On 7 December 2020, the Council of the EU adopted its first global human rights sanctions regime. This followed the UK’s introduction of its own autonomous human rights sanctions regime in July 2020.
Both regimes constitute significant developments. They allow the UK and the EU to sanction individuals and entities – including State and non-State actors – responsible for or associated with a wide range of human rights violations and abuses worldwide, no matter where they occur or the nationality of the perpetrators. These regimes could therefore play an important role in the prevention of, and accountability for, gross human rights violations, particularly where no other enforcement mechanism exists under international law.
These so-called “smart” or “targeted” sanctions regimes seek to avoid a series of unintended negative consequences for civilian populations often associated with country-based sanctions mechanisms. However, the new UK and EU human rights sanctions regimes still raise a wide range of legal and foreign policy issues. These include: the inherently political and discretionary processes they foresee for the imposition of sanctions; the regimes’ ability to achieve their stated objectives; their effect on the due process rights of sanctioned individuals and entities; the actions that businesses and other entities need to take to comply with and implement human rights sanctions; and the types of actions available to individuals and entities to challenge sanctions imposed on them.
This virtual seminar provided an opportunity to discuss these and other interesting issues regarding the UK and EU global human rights sanctions regimes. Our experienced panellists included:
Dr Nienke van der Have, a human rights specialist at the Ministry of the Interior and Kingdom Relations in The Netherlands, who will discuss the conceptual aim, demarcation and potential effectiveness in practice of the EU sanctions regime. Nienke has written a book on the prevention of gross human rights violations under international human rights law (Asser/Springer 2018) and published, among others, a first appreciation of the new EU sanctions regime (BRILL 2020). She has lectured on human rights law and constitutional law at the University of Amsterdam and on the rule of law at the Academy for Legislation in The Netherlands.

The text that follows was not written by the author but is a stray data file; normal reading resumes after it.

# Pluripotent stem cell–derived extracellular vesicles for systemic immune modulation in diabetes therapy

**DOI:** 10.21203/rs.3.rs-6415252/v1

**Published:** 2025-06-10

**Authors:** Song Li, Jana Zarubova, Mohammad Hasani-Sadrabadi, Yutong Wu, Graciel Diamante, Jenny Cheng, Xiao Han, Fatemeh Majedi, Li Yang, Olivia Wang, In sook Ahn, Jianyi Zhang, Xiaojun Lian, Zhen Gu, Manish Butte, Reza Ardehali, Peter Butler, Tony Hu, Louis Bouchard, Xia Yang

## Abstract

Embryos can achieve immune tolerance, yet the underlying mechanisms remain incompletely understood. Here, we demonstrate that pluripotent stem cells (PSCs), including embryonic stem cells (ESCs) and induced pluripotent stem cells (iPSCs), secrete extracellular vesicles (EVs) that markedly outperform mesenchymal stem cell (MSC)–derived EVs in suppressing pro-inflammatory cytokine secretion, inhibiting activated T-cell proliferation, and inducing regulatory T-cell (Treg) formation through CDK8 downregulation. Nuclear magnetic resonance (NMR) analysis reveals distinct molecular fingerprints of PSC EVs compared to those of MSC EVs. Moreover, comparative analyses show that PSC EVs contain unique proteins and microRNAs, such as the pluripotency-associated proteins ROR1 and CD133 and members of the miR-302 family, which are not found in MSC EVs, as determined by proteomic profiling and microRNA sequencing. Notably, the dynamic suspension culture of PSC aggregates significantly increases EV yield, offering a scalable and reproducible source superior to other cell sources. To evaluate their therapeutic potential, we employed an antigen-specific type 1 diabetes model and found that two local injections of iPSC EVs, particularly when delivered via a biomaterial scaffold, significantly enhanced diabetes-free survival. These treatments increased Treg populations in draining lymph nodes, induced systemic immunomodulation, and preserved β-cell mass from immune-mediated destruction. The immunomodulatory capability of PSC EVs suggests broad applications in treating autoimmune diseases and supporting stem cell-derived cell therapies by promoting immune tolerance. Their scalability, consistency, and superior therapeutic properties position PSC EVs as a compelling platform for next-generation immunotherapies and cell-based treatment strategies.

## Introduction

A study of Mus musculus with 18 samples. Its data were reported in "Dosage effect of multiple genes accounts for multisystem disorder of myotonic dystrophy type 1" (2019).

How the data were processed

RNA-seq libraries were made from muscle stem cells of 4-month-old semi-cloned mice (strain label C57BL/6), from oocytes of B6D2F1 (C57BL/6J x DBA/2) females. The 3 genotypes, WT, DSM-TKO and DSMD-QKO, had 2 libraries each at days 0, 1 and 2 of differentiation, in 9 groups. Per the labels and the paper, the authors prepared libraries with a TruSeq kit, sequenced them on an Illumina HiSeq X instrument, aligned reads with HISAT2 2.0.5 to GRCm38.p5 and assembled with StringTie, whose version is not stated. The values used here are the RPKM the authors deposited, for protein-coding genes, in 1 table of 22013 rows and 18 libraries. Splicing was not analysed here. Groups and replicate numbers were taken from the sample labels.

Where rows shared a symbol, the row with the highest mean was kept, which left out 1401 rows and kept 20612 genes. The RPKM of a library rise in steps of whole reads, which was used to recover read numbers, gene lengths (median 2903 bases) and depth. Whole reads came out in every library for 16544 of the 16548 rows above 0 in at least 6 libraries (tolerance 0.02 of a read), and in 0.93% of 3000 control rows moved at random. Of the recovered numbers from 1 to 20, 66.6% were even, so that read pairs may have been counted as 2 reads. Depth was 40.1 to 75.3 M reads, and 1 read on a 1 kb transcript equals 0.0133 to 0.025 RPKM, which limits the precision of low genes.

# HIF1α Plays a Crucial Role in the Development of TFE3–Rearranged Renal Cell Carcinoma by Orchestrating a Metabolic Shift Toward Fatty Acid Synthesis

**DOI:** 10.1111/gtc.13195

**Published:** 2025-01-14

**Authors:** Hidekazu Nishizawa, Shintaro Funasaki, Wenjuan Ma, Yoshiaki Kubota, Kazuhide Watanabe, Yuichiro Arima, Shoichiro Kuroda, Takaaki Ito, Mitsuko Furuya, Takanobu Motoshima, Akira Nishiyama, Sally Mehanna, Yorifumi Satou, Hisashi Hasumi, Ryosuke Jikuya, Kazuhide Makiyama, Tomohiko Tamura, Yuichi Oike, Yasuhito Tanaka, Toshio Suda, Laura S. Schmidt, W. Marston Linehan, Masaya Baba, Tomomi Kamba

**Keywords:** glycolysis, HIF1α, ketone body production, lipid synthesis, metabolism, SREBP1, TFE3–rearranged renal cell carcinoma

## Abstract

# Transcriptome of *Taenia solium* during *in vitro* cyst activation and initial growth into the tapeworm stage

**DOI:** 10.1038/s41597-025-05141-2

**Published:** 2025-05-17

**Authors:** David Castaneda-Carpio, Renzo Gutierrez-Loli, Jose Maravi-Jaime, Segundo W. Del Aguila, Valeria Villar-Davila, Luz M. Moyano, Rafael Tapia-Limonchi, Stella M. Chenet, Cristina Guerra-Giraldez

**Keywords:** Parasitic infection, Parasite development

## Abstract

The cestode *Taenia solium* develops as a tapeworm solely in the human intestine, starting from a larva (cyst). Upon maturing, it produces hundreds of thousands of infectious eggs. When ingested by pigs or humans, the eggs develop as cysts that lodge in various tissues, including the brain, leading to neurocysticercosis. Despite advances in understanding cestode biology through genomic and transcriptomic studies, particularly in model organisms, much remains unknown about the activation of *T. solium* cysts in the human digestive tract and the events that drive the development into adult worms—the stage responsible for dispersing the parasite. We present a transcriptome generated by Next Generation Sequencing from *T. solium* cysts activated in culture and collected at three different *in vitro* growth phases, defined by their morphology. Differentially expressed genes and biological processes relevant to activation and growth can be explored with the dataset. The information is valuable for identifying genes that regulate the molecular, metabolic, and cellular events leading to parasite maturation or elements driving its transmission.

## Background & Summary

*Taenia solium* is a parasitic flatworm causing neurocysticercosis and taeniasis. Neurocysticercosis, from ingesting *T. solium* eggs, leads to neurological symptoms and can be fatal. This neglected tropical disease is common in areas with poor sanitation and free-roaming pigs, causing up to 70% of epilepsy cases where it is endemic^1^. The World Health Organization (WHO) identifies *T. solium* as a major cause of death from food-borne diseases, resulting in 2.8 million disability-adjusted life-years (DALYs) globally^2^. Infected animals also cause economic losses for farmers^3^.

Maya Lester QC, a senior barrister (Queen’s Counsel) at Brick Court Chambers, who will speak about the types of judicial or other actions that can be taken to challenge the imposition of sanctions on individuals or entities, as well as about the key differences between the UK and EU regimes. Maya specialises in sanctions law. She represents and advises hundreds of companies and individuals before the European and English courts and has acted in most of the leading cases. She founded and co-writes the blog www.europeansanctions.com (the main international sanctions legal resource, with over 8000 followers worldwide). Maya has given evidence to five parliamentary inquiries on sanctions and spoken at numerous conferences. The legal directories describe her as “Queen of the Sanctions Bar without a doubt”.
Michael O’Kane, the Senior Partner of Peters & Peters LLP, who will be discussing the actions that businesses need to take to comply with and implement human rights sanctions. Michael specialises in advising individuals and companies in global white collar crime cases, including bribery, cartel-conduct and sanctions violations. His recent sanctions work includes creating a compliance programme for a global company, operating in over 120 countries, and representing designated individuals and corporates before the EU courts, in respect of Syria, Egypt, Russia and Zimbabwe sanctions. He also co-authors the leading blog, www.europeansanctions.com, with Maya.
Professor Alena Douhan, Special Rapporteur on the negative impact of the unilateral coercive measures on the enjoyment of human rights, who will address the potential impact that the UK and EU sanctions regimes could have on the human rights of sanctioned individuals and other actors. Since 2013, Alena has been serving as an expert panellist at many panel discussions on the negative impact of unilateral coercive measures on the enjoyment of human rights organised by the Human Rights Council and other actors.
The seminar was chaired by Álvaro Nistal, Counsel at Volterra Fietta. A civil and common law lawyer, Álvaro advises States, international organisations and private entities on a wide range of public international law matters, including on various sanctions regimes. He regularly represents States and victims in relation to human rights violations and international humanitarian law issues. He also has represented and provided States in Africa, Latin America, the Middle East and Southeast Asia with advice on proceedings before the International Court of Justice, the International Criminal Court and other courts and tribunals.